The Degradation of the International Legal Order?: The Rehabilitation of Law and the Possibility of Politics


Providing the basis for critical engagement with the pessimism of the contemporary age, The Degradation of the International Legal Order? argues passionately for a rehabilitation of the honour of historic events and processes, and of their role in generating legal concepts. Drawing primarily from the Marxian tradition, but also engaging with a range of contemporary work in critical theory and critical legal and human rights scholarship, this book analyses historical and recent international events and processes in order to challenge their orthodox interpretation. What is thus proposed is a new evaluation of international legal principles and human rights norms, the revolutionary content of which, it is argued, turns them from mere rhetoric into powerful weapons of struggle.

Accessibly written, but theoretically sophisticated, this original and timely book is intended for critical teachers and students of international law, human rights, and international relations, as well as legal and political activists.

 


Introduction
1
Chapter 1 Selfdetermination the revolutionary kernel of international law
9
Chapter 2 The degradation of international law?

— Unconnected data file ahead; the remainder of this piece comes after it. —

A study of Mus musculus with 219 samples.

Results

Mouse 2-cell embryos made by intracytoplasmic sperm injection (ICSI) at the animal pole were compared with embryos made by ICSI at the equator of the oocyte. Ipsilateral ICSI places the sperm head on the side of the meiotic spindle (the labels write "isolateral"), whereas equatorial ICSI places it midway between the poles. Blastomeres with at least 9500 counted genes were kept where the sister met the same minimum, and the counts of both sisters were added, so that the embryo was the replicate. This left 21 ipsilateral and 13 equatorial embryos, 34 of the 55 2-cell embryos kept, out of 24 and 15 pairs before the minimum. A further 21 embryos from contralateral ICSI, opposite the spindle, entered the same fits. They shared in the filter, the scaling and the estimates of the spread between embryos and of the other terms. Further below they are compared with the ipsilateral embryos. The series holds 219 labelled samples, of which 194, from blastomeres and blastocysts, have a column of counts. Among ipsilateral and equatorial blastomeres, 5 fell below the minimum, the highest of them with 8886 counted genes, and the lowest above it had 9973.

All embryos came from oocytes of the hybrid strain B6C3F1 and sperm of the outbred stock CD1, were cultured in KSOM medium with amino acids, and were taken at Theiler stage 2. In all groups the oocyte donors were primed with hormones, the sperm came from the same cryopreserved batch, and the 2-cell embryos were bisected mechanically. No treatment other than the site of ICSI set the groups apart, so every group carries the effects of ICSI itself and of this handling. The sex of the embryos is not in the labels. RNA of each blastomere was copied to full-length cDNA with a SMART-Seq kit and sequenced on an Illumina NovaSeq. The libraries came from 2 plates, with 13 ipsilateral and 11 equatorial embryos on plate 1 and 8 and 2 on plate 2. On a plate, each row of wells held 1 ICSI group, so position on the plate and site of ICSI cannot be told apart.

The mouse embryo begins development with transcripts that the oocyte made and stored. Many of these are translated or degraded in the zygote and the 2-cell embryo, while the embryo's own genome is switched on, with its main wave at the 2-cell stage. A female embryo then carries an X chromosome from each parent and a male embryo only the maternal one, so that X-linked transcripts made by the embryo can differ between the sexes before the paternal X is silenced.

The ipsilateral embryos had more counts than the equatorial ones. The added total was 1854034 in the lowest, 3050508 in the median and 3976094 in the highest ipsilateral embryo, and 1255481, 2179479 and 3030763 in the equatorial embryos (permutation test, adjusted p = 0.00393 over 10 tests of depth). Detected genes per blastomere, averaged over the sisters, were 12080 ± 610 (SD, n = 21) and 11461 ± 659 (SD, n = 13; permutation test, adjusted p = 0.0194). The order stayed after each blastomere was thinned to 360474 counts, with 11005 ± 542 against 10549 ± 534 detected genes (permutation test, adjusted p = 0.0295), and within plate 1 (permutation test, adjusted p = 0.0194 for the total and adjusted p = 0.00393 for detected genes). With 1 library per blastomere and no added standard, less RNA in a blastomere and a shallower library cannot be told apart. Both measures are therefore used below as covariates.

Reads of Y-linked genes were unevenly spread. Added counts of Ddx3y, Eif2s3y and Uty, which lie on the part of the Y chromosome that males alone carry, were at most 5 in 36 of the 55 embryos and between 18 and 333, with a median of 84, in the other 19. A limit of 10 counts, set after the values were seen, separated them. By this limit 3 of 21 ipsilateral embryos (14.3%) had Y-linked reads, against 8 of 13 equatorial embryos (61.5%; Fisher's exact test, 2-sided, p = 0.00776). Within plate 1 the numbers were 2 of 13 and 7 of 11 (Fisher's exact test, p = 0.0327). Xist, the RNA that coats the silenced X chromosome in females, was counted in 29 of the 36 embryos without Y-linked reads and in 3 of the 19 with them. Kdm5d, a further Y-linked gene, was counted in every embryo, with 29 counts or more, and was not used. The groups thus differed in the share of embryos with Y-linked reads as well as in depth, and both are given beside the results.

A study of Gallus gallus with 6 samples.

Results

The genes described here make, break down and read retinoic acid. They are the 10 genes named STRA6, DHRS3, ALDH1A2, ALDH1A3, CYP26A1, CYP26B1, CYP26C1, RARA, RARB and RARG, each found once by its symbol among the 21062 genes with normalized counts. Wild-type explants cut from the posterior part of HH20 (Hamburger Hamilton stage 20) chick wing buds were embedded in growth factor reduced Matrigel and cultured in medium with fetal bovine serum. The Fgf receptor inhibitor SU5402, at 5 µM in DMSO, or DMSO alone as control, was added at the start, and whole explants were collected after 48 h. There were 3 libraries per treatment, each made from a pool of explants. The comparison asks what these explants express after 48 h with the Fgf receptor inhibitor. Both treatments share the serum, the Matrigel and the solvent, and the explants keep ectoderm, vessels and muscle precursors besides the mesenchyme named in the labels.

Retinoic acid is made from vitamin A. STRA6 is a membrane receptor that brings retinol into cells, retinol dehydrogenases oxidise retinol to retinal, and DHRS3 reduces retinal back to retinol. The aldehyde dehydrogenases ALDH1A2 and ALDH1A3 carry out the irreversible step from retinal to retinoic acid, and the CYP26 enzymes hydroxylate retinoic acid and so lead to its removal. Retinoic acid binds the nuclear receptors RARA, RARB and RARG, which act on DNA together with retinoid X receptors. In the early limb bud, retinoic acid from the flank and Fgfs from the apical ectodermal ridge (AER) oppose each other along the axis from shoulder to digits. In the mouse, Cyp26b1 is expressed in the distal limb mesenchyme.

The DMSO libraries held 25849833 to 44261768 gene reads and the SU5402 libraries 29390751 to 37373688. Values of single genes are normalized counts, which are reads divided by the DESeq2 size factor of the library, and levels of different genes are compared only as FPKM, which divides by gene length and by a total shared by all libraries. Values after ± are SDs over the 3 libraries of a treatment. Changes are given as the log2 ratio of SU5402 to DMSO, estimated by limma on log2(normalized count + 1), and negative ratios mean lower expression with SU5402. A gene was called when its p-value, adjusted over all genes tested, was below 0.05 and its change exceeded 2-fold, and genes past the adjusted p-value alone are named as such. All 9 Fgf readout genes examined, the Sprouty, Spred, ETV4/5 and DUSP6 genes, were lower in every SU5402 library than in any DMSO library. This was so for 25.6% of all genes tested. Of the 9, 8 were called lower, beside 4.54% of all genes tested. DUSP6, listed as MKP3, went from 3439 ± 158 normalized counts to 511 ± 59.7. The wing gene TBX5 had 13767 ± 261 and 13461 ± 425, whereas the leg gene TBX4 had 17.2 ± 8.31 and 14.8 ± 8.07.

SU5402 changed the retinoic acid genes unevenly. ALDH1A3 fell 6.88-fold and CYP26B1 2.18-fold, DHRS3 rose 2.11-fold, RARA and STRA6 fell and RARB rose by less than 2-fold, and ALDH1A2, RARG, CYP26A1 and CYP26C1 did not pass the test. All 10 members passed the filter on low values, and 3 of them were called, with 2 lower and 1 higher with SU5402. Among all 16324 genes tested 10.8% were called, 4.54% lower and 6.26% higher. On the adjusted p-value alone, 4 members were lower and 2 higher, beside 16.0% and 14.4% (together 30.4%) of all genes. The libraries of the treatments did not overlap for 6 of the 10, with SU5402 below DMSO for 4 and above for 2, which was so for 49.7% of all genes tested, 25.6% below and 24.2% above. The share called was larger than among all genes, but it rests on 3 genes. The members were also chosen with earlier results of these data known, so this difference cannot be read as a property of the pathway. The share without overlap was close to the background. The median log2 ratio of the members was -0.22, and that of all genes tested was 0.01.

39
Chapter 3 The legality of the invasion and occupation of Iraq
61
Chapter 4 After Iraq international human rights law in crisis
69
Chapter 5 Ideology in international law and the critique of Habermas
99
Chapter 6 A substantive account of human rights
111
Chapter 7 Human rights as the negation of politics?
119
Chapter 8 Postmodern reconstructions of human rights
131
Chapter 9 The challenge of methodological individualism
149
Chapter 10 The scandal of social and economic rights
165
Chapter 11 The problem of legal transplantation and human rights
183
Conclusion what have I sought to do in this book?
207
References
209
Index
233

Bill Bowring is Professor of Law at Birkbeck, University of London, and a practising barrister. His research interests include international law, human rights and Soviet and Russian law. He is also a legal and political activist and has taken many cases to the European Court of Human Rights.